NHL pulling faulty pucks with tracking technology


The NHL announced that it will stop using pucks with imbedded tracking technology for the foreseeable future due to complaints about their performance during the start of the 2021 season.

The change is effective beginning with Tuesday night’s games.

The NHL reviewed the first supply of tracking pucks that it has been using and determined that they did not receive “the same precise finishing treatments during the offseason manufacturing process as were used during the 2020 Stanley Cup Playoffs.”

One NHL player told ESPN on Tuesday that the pucks were “terrible” and “don’t slide,” adding that players had voiced their displeasure with them.

The league said a new supply of the pucks will be available soon and will “undergo appropriate quality control testing” before being used in games. In the interim, the league said it will use official game pucks from the 2019-20 season. It will also continue to use optical player tracking, which is the other half of the two-pronged tracking system along with the devices inside the puck.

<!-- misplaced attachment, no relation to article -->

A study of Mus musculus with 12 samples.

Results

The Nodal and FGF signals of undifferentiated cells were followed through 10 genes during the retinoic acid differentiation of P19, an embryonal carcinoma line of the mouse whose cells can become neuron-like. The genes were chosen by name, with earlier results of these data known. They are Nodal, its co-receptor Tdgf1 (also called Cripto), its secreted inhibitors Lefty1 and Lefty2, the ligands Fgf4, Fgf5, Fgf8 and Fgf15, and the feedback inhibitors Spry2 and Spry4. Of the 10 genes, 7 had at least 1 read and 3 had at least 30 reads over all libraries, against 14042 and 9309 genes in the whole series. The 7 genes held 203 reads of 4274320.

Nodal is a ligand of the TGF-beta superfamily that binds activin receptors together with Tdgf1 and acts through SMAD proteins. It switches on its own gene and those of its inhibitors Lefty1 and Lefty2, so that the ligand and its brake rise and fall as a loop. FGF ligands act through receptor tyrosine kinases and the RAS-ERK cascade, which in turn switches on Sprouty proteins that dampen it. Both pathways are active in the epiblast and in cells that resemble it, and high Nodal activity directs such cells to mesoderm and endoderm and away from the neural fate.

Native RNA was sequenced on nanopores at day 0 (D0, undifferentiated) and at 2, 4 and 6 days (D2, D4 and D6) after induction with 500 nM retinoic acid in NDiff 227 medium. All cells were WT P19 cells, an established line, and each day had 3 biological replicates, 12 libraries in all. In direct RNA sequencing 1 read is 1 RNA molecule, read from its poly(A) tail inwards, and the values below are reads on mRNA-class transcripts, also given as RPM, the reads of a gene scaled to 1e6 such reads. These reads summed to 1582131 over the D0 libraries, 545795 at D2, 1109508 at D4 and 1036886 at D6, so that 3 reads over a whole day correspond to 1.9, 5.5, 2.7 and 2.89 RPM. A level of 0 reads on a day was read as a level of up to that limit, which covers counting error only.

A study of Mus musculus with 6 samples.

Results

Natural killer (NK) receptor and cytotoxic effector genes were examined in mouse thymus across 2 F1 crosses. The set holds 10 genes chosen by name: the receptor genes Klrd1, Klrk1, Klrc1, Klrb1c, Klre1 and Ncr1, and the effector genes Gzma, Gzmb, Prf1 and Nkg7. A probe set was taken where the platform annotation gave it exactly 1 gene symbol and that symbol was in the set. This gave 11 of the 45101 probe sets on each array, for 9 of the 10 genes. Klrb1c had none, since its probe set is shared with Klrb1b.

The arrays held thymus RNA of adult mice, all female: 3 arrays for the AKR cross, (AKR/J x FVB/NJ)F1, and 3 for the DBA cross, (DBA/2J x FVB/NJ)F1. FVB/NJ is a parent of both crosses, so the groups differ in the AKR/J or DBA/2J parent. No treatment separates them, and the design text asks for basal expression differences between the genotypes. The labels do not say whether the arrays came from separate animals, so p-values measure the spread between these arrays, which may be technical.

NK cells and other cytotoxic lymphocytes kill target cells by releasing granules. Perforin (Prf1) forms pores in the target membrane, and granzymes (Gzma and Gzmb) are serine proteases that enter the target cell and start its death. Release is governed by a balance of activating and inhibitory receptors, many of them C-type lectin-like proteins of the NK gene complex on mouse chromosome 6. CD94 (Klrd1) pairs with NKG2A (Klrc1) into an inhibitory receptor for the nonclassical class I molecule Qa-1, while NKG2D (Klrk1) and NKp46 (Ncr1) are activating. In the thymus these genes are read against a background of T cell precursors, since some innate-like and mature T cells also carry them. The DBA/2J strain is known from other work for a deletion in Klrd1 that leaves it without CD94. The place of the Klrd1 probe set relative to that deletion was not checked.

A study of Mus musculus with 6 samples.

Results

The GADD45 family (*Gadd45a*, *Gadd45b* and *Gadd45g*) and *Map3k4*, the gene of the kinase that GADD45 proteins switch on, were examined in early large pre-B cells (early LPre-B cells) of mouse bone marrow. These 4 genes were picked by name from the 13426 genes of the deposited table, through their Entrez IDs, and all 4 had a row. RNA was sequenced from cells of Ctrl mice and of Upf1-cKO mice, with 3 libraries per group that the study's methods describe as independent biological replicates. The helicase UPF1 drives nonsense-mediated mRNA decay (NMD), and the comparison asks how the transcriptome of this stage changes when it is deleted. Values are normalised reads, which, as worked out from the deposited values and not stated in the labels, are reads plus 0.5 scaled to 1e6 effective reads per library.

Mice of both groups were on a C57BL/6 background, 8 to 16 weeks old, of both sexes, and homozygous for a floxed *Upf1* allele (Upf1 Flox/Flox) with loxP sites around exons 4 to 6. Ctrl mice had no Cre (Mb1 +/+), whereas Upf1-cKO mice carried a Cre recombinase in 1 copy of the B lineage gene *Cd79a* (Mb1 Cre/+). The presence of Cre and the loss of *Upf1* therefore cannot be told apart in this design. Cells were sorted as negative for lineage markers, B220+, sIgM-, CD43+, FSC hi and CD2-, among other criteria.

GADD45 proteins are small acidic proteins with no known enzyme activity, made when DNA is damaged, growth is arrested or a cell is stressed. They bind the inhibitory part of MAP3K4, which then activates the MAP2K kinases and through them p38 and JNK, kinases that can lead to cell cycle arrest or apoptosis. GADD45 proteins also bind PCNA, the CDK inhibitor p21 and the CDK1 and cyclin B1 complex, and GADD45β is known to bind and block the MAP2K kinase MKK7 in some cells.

This is the first full season of puck and player tracking for the NHL, which promises to provide a significant amount of new data to enhance everything from TV broadcasts to sports wagering.

The league has attempted to embed technology inside pucks for years, finding the results too ineffective or costly. This incarnation of the pucks was used during tests and in the postseason during 2020, with a sensor in the puck tracked by 14-16 antennae installed in the arena rafters.